The women behind Canada’s best runners (Canada)
Middle distance and distance running is on the rise in Canada. In 2019 alone, six national records have fallen on the track and of those records, five have been broken by women. Behind the athletes who are making a name for themselves in Canadian and international sport are great coaches, and the good news is, a lot of these stellar Canadian coaches are also women.
Brit Townsend, Paula Schnurr and Lynn Kanuka each coached a 2018 national champion and have each represented Canada at various Olympics. After their own professional running careers, they began volunteer coaching.
Townsend is the head track and field coach at Simon Fraser University and is a two-time Olympian and former Canadian record-holder over 1,500m, 800m and one mile. She has since coached athletes to all levels of competition, including the Olympics. Currently, one of Townsend’s strongest athletes is Lindsey Butterworth, the 2018 national 800m champion. Townsend’s been a coach at SFU for 20 years, and has guided the team to hundreds of NAIA and NCAA Division II individual titles and dozens of team titles.
She started coaching on a volunteer basis for the Valley City Royals Track Club and SFU. “I coached a few junior athletes while I was still competing and ended up assistant coaching at SFU. While I was assistant coaching at SFU I was also working in real estate for ten years to make some money. I eventually accepted the head coach job at SFU on a trial basis after the former head coach left.”
When Townsend first went to the National Coaching Institute, she describes being very pregnant and one of the only women in the room. “I was the only female head coach in the NAIA when I started out in 1998. I’d go into business meetings and every now and again see another woman, but it was rare.”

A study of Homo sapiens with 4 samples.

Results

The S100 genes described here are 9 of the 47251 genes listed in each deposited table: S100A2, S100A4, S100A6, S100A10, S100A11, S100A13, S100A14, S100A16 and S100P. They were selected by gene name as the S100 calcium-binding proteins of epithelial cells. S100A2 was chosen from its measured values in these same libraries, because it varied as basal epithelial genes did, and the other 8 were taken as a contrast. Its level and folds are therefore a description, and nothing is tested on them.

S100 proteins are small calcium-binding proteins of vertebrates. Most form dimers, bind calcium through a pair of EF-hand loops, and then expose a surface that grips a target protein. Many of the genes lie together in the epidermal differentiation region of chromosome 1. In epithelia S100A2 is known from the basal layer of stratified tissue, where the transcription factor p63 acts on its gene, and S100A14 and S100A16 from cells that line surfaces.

Townsend says that you don’t make it as a female coach without being very strong-minded and confident. Some of this confidence she learned during her time as an elite athlete. “This is especially the case when you’re the only female coach. It took a while for the male coaches to respect my ability to coach athletes at this [university] level. That changed once I had a lot of success at the NAIA level. Then people started to email me to ask what I was doing in my training. I gained respect, but it had to come from my athletes’ performances.”
Townsend has two daughters, who she says grew up at the track. “I was lucky enough to be able to afford to travel with them. They came everywhere with me. I would get some of my senior athletes to babysit during meets. I wanted to coach, and I wanted to be present for my kids, so I didn’t see any other option than for them to come with me everywhere. It was really hard, but really fulfilling.”